By J. Walubengo
The outgoing Cabinet Secretary for the Ministry of Interior and Coordination of National Government in Kenya, Dr Fred Matiangi deleted and decommissioned his personal Twitter account, triggering a discussion about whether such a high-ranking public official had the right and mandate to do so.
Debate on the issue moved onto the KICTAnet discussion list where some members felt that since it was his personal account, then he had every right to do whatever he wished to do with it. There was however a good number of contrary opinions, that argued that as long as the personal account was used to communicate critical government information – such as policy or general information – then that ought to be treated and preserved as a public record.
A few years ago, in a related matter researched by a KICTAnet Research Fellow, when then President Donald Trump had blocked some US Citizens from accessing his personal Twitter account; the blocked citizen took the matter to US courts which ruled that as long as President Trump used his personal account to communicate US Government Policy positions, then he loses the right to block US Citizen from access to the same.
US court precedence
US Citizens are therefore entitled to public information – irrespective of whether it is communicated from a private or publicly owned social media account. Clearly, as the Kenyan Government moves most of its operations online, this is a matter of public policy that would need stakeholder debate and eventual policy direction.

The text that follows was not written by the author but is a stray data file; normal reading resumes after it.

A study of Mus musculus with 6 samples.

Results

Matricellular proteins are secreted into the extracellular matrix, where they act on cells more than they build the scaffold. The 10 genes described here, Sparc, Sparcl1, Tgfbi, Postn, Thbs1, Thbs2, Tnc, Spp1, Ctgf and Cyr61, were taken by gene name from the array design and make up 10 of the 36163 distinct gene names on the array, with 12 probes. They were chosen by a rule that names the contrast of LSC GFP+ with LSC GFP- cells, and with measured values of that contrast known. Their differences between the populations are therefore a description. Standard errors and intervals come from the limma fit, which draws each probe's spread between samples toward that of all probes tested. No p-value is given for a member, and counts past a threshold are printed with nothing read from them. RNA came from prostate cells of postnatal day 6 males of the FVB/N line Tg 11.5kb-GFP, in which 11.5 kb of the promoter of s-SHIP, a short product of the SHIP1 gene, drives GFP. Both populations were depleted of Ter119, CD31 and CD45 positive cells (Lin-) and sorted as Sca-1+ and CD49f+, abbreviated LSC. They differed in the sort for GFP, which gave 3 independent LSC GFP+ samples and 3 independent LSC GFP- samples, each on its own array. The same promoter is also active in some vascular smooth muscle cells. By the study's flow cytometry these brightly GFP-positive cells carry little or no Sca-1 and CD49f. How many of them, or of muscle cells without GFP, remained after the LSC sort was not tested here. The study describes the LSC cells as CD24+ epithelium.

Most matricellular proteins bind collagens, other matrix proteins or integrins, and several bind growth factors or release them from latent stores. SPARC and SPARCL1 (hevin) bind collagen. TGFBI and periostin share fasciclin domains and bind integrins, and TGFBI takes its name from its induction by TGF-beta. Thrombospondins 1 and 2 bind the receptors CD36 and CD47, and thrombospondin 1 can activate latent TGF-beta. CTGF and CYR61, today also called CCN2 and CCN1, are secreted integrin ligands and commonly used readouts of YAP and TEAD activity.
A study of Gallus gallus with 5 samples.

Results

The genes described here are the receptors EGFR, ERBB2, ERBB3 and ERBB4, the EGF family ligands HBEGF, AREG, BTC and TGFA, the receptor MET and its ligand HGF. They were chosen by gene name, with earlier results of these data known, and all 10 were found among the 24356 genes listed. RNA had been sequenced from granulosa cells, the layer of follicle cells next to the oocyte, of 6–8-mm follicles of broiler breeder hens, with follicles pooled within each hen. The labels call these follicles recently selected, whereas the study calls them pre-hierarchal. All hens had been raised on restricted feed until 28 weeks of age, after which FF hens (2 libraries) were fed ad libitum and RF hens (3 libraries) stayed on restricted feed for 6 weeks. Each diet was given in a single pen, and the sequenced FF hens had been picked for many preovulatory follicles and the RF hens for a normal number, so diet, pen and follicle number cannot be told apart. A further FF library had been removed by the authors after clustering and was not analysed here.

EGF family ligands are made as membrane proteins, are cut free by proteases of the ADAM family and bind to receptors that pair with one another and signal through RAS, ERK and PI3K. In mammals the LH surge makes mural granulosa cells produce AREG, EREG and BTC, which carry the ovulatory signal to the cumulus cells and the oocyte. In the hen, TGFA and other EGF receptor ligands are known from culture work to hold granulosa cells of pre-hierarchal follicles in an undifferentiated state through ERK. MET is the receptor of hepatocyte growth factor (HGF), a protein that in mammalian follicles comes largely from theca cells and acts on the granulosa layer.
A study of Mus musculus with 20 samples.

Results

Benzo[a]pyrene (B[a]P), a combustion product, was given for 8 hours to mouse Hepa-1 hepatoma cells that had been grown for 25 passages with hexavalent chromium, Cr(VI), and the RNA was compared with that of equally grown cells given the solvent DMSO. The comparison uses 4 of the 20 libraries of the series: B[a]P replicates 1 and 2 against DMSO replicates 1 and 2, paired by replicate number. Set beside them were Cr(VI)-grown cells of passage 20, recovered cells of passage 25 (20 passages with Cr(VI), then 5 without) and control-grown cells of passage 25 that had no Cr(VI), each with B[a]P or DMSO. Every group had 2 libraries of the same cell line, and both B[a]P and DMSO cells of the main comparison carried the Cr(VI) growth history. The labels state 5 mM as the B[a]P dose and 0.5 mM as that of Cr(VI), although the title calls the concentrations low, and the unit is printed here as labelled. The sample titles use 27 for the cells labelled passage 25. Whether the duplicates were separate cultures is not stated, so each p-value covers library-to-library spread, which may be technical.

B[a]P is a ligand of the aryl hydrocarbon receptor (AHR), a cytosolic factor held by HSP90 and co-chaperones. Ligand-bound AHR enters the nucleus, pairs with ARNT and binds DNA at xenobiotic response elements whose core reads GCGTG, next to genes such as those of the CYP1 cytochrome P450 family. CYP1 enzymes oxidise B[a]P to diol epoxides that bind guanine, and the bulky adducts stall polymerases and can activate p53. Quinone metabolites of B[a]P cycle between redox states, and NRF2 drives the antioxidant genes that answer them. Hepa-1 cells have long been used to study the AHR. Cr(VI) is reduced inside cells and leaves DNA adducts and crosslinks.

The policy directions should guide the creation, use, storage, archiving and decommissioning of social media accounts held privately and publicly by senior public officials, Ministries, State Departments and State Agencies.
Some of the discussion points would include who manages these social media accounts, what content goes up on these accounts, what internal quality checks exist before posting, and what are the data retention policy and data security policies around these social media accounts.
One point of concern would touch on the fact that most of these government-owned social media accounts are foreign-based and under the control of global big-tech companies, some of whom have been known to suspend world leaders from posting on their platforms for various internal, corporate-level policy violations.
The power imbalance between private policy and public policy
This raises the question of to what extent is a whole, sovereign government communication policy subservient to a private sector organisational or corporate level ‘best-use’ policy.
On the other hand, some governments have been known to ban big-tech social media presence within their territories, with Nigeria being the latest example where the President blocked Twitter from operating within Nigerian territory for close to 6 months.
What would that imply to citizens’ rights to access information, especially those accustomed to receiving policy-related updates from Government agencies through these global social media platforms?
The Public Archives Act
In Kenya, we do not seem to have an official answer to all these emerging issues. The closest we have is captured under the Public Archives Act, enacted way back in 1965 and undergone only one or two amendments, with the latest one being made in 1990.
Obviously in the year 1990 or earlier, there was no social media at a global level and practically no internet in Kenya. It is therefore not surprising to note that whereas the Public Archives Act does define what is a public record, and how it should be secured, stored, archived or deleted, it does so in a language devoid of contemporary digital realities.
This, therefore, becomes one key area that the incoming minister for ICT should prioritise and provide policy guidance on – as he or she gets down to work during the better part of their ‘100days in office.